It’s one of Andrew Yang’s most sweeping proposals as a mayoral candidate.

What You Need To Know

  • Plan to use $4B a year to create or preserve 30,000 affordable apartments annually
  • Yang wants to end City Council member deference and upend the arcane ULURP process

  • Vision is sweeping but leaves some questions unanswered

“I intend on spending $4 billion annually on affordable housing,” he said Wednesday.
And it addresses one of the city’s most pressing problems.
“This investment would allow us to build and preserve 30,000 affordable apartments per year,” he added.
Yang is a newcomer to politics, a factor he argued made him best-positioned to reduce the red tape that has slowed the housing development approvals process.
“It’s going to take a mayor who is not grown from our bureaucratic machine, who has no ties to special interests to achieve this,” he said in a speech delivered from Seward Park Co-op for a virtual event hosted by New York Law School.

The frontrunner in the Democratic primary for mayor targeted several long-standing practices.
“If elected, I plan on working with the City Council to eliminate a practice known as member deference,” he said.

“We need to also make long-term changes to ULURP. My focus will be on speeding up approvals for 100% of affordable housing projects,” he said.
He likened the council veto capability to the U.S. Senate filibuster and criticized the Uniform Land Use Review Procedure as arcane.

His campaign later added he was use his bully pulpit in ways other mayors had not to work with the council speaker on ending deference.

Yang also wants to use vacant city-owned land, do away with mandatory parking minimums and legalize single-room occupancy buildings.

The vision was bold but lacking in details about implementation.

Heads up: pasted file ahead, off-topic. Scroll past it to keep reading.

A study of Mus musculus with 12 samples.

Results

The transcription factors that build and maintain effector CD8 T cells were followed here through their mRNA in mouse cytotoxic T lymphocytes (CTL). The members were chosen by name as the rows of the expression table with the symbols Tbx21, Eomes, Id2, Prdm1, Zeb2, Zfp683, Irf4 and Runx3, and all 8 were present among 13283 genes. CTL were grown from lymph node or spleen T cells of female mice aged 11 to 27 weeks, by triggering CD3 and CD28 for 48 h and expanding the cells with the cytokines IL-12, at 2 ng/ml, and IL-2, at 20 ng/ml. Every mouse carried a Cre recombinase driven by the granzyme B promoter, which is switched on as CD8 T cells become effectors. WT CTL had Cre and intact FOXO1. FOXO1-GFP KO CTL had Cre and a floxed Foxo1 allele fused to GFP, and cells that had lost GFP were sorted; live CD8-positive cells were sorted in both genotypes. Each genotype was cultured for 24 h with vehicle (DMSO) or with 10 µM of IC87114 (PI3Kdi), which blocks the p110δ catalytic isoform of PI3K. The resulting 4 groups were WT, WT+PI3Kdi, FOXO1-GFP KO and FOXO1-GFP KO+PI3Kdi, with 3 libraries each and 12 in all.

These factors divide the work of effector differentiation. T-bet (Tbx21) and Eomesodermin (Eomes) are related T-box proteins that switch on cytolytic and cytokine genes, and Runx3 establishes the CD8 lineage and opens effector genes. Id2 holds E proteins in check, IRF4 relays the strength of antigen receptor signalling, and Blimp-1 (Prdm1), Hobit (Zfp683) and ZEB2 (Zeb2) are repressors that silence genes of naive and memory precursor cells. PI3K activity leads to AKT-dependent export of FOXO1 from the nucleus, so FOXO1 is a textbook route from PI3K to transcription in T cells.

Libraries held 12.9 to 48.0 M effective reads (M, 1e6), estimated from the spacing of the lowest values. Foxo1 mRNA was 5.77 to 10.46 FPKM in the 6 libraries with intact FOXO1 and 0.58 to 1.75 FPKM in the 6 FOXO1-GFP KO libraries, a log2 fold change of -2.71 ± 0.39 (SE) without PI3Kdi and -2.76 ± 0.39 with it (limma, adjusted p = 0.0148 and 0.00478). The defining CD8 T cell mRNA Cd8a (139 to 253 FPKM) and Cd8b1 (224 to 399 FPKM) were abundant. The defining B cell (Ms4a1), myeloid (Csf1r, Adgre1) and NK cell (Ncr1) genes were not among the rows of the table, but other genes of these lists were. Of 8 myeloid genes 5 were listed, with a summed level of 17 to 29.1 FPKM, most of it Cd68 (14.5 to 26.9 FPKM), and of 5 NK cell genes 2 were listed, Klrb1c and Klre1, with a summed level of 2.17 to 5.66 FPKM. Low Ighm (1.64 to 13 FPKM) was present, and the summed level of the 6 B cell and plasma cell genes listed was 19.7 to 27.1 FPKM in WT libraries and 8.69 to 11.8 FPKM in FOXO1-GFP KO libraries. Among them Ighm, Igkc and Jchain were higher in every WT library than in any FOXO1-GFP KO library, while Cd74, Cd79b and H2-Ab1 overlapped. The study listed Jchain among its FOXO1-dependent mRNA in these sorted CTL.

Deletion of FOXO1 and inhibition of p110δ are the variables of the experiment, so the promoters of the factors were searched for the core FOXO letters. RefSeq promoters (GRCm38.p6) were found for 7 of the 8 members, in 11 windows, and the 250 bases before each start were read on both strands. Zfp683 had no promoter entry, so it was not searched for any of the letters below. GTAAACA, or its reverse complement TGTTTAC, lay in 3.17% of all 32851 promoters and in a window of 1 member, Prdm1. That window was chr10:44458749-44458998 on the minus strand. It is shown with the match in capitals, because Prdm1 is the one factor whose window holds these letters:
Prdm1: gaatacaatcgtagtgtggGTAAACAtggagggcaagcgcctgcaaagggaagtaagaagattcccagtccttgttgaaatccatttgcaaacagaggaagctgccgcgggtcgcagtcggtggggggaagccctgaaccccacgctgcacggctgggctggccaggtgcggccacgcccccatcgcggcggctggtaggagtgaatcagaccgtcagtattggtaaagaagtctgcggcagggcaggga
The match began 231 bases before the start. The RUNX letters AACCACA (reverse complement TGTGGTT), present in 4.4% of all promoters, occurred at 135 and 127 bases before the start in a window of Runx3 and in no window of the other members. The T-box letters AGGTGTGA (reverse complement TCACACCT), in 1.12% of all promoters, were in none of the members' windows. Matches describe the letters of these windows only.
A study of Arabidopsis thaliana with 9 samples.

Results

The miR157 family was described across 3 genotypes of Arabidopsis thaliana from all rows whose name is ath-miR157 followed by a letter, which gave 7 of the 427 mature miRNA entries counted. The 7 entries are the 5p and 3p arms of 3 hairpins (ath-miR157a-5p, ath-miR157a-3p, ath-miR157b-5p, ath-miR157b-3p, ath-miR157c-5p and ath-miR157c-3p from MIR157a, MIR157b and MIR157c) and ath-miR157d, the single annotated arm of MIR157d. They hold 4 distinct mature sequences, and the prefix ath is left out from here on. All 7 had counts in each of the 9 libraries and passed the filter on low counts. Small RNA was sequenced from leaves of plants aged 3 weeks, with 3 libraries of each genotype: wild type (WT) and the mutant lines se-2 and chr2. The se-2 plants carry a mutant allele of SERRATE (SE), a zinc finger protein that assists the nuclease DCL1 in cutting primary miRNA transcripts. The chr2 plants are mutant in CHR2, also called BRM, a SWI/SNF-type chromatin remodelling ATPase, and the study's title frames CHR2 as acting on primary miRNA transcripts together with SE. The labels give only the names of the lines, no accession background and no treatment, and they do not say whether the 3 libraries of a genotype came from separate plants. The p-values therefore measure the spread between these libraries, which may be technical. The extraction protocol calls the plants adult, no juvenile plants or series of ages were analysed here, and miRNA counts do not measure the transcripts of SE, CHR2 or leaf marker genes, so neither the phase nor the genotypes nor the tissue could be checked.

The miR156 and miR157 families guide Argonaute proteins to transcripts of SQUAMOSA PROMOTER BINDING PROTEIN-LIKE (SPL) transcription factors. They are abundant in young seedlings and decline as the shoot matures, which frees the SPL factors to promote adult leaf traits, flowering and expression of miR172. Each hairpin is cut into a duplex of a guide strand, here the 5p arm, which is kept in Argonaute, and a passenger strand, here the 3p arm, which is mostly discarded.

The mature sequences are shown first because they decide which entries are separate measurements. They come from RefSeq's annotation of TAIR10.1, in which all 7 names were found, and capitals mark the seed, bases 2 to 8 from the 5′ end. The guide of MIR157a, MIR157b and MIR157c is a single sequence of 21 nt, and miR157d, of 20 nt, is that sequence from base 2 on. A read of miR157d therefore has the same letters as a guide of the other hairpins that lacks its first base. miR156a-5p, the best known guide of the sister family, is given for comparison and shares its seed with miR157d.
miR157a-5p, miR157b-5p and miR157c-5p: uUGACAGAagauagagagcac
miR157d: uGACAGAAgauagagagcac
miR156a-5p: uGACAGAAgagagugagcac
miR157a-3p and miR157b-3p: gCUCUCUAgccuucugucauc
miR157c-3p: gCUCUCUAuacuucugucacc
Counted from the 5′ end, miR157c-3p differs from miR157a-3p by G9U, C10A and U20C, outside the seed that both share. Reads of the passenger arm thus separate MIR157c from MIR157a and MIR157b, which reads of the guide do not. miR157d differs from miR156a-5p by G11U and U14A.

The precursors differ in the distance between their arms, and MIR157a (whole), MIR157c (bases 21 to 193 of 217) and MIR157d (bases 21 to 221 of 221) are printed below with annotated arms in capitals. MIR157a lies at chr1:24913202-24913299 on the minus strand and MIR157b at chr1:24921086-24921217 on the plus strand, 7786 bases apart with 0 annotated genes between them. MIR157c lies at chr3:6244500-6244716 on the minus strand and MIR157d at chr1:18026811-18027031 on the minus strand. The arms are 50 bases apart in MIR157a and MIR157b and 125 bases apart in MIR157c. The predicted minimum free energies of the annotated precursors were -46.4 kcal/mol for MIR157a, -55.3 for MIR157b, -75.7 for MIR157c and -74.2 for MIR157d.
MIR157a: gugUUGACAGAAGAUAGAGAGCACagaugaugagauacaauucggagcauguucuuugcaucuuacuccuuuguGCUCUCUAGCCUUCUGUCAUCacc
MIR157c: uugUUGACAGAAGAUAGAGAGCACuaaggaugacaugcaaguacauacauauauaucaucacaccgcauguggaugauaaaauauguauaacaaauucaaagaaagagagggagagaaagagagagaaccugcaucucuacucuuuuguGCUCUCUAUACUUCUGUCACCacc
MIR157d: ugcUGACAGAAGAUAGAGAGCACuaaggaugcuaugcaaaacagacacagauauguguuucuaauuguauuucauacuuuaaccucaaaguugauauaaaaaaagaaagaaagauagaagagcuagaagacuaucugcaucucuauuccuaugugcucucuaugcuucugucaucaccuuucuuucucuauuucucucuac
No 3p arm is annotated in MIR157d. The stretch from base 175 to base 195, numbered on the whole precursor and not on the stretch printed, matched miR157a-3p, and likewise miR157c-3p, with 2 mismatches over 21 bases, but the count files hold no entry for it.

In a February mayoral forum hosted by Tenants PAC, Tenants & Neighbors and Met Council Action, Yang had discussed what he considers affordable.
“We should be defining it as 40, 50% of median income as opposed to this 70, 80% that developers would prefer,” he said.

His campaign said after his speech Wednesday that he seeks housing between zero and 80% of AMI with a focus on deep affordability.

But there’s also the community resistance Mayor de Blasio and others faced.

We asked an affordable housing advocate who’s encourage by Yang’s plan about that dynamic.
“I would say that there are a lot of people who benefit from having less housing in this city,” said Michelle Kuppersmith, a board member with Open New York. “And they value things like their views and their ability to park their cars more than actual housing for humans.”

Asked about the plan’s price tag, Kuppersmith said it’s worth the investment because New York City can’t recover if people can’t afford to live in it.

Yang’s campaign also said on Wednesday that he earned the endorsement of an influential bloc of Orthodox Jewish sects in the Borough Park section of Brooklyn.

The support of the influential Hasidic voters in the neighborhood was first reported by The Forward. It comes after Yang advocated for a hands-off approach to yeshivas and vocally opposed the boycott, divest and sanction, or BDS, movement.